After a turbulent few months, Buildbase Honda and Josiah Natzke announced this week that they had parted company. Natzke is a very likeable Kiwi, with incredible speed but this season hasn’t gone well but the split was still a surprise for many in the paddock. We caught up with Josiah to find out what went wrong.

Dirt Bike Rider: Josiah, we’re at Matterley with the EMX250s out on track, how does it feel to be watching instead of out there racing?

Josiah Natzke: I’m actually gutted, that would be an understatement. I didn’t really think about it but now that I’m here I’m…I won this class before and now I’m stood here, I’m not stoked about it!


JN: The crash at Redsand wasn’t really a turning point – it was just where it started. I hadn’t even raced a lap for the team. I crashed in the first turn of my first race. A lot of what happened there affected me more than I thought, in my head and my body. Nothing was broken but I had a haematoma, I got run over and my body was beat, so it takes time to heal.

That was where it started and then things weren’t going right, things in my home life that I wasn’t happy with. Basically, there’s nothing bad with the team, but everything that could go wrong for me did and I didn’t go about dealing with it the right way. I had different people telling me stuff but I’m 19 and I want to do what I want, which is maybe my downfall.

DBR: You mentioned then that you had problems after the Redsand crash in your head, was that your confidence level?

JN: Yeah, but a lot of it was because I’m far away from home. I really wanted to win that championship – I lived here through the winter and put everything into it, I trained hard, I think I did everything right and I don’t know if I could’ve done anything differently. My fitness was always weak, and I fixed that.

I’m so far from home because I want to race in Europe and when I crashed I couldn’t anymore – I can’t use that as an excuse, but it took a lot of drive away from me. I got told, re-group then go back at Matterley, but I wanted to win that championship and even after the crash I still thought I could – I looked at the points and even after three races they still weren’t on a hundred points so in my head I could come back and win the next two rounds and be up there.

DBR: Was there something that happened in the last couple of weeks that triggered the split from the team?

JN: It was all me. It got worse and worse, I was going around in circles not really knowing what to do and shutting myself off from everyone.

When I do bad I shut myself off which isn’t good, but I didn’t’ know what else to do. I went to Dave [Thorpe, team owner] after Blaxhall. I had a new low there within my personal happiness and I just said I want to go home [New Zealand]. He said, okay, if that’s what you want.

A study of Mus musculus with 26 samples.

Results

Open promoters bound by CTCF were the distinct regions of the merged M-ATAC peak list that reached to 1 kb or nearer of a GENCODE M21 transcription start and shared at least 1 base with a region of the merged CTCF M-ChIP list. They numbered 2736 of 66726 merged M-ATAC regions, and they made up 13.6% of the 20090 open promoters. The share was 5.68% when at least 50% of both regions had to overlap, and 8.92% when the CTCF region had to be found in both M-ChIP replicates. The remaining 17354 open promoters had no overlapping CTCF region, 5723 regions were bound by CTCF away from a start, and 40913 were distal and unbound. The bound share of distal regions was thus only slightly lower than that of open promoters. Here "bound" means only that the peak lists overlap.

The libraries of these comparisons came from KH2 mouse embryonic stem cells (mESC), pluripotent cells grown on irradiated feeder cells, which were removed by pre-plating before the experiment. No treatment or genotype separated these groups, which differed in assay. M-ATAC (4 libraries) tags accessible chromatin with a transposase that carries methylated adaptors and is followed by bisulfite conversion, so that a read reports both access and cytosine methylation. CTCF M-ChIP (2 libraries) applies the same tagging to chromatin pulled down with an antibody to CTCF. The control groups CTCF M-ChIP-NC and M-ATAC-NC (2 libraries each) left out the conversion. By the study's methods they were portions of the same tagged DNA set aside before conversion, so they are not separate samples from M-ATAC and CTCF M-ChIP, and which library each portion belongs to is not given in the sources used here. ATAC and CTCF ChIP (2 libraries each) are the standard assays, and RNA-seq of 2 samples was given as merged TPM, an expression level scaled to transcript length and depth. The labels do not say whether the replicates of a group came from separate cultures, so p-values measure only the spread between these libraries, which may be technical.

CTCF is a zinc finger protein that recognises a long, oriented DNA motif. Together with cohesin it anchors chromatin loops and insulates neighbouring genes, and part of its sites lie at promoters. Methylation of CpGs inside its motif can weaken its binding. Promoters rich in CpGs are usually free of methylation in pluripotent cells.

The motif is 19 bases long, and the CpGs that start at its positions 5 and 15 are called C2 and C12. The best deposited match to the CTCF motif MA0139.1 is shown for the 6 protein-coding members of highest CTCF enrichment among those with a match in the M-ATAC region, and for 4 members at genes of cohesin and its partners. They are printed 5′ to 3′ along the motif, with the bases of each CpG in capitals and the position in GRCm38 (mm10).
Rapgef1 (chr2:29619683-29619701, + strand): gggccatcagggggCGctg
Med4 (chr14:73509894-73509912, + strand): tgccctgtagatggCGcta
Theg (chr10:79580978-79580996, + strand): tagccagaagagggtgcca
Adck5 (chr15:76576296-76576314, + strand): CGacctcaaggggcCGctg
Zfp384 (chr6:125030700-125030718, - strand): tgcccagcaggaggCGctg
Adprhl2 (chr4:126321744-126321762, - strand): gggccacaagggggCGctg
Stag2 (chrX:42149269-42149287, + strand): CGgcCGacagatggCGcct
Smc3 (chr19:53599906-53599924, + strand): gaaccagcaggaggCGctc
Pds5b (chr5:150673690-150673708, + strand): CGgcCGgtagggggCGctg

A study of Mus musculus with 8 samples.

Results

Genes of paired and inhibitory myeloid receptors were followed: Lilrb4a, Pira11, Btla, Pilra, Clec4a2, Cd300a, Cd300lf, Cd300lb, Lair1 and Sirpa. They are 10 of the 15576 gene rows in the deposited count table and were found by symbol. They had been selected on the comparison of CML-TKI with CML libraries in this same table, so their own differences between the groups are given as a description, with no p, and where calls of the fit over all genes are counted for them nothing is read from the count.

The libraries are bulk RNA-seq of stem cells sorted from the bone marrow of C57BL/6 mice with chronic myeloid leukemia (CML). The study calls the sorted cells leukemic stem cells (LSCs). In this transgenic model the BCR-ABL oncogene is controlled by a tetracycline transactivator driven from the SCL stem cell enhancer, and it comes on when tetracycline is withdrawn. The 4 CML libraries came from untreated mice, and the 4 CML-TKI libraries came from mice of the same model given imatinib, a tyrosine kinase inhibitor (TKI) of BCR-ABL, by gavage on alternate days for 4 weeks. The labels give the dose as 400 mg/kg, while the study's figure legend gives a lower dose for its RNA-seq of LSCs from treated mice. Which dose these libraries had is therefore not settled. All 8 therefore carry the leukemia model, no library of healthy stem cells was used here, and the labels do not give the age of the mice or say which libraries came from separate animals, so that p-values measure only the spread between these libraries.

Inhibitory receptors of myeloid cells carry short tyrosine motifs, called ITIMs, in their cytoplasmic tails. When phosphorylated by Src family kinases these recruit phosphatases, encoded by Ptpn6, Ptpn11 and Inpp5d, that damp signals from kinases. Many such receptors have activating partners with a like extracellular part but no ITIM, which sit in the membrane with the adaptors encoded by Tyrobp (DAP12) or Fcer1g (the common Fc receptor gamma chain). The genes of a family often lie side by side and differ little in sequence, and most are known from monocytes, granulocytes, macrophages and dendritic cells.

DBR: Have you had a change of heart now?

JN: Well, because I initiated everything, I wasn’t happy and wanted to go home, I didn’t know what else to do and so I acted on it. It wasn’t anything to do with the team. Then a few people spoke to me and said stay, we’ll help you out, but by then it was too late. I still want to be here, I still want to race – I want to be out there now.

DBR: Just turning the clock back, you were a factory KTM 125 rider in 2015 with Prado and Mewse, then you went into EMX250 with them so there’s no doubting your potential. Now that you’ve had time to reflect, is that potential still there and what’s the key to unlocking it?

JN: I think it’s always been there, I’ve got talent but maybe didn’t always work hard enough to get that bit better.

People blossom at different times, so for me to get there might take a bit longer than Prado. On the 125s I was young, I could ride a dirt bike fast and fitness wasn’t that big a deal but on the 250, it was like…’sh*t, these guys are fast!’.

I had a great team, great bike and parts but I didn’t have support or anyone guiding me. I had a mechanic from New Zealand who stayed with me and we figured it out, but we were just winging it.

DBR: You’ve mentioned your fitness a couple of times, is that the key or is your fitness where it needs to be now?

JN: My fitness is good. I injured myself last year before Blaxhall and won the first race by 30 seconds less fit than I am now. This year I went to Blaxhall so much fitter, I didn’t even get tired but I didn’t score points – that’s nothing to do with fitness that’s just me sucking!

DBR: You’re 19 years old but that’s still quite young to be on the opposite side of the world from home. Have you got any more family support now, or friends in England?

JN: I’ve had stages where I feel homesick but that’s minimal, it’s only a short time in my life that I’m here. I never really see my family, I’ve probably seen them for six months in the last four and a half years. I’ve got my brother here now, and I’ve met a lot of good people here. I met Jamie Dobb and he sort of took me into his family and I was living with them and really liked that but I moved down south. Where I live I never saw anyone and I became really isolated. I never saw anyone outside racing and I was really bored and hated life. Not in a depressed way, but I’m 19 and I want to have fun, ride bikes and go out but I was just having a sh*t time.

DBR: Are you talking to any teams now?

JN: There are a few bits going on, but my hands are a bit tied. I’m under contract with Honda so I can only ride Hondas in Europe. Dave’s given me a bike to use but I won’t be able to do it that way.

The team have done everything they can for me, but it just didn’t work out how we wanted it to.

DBR: I hope we see you back on track soon Josiah, good luck.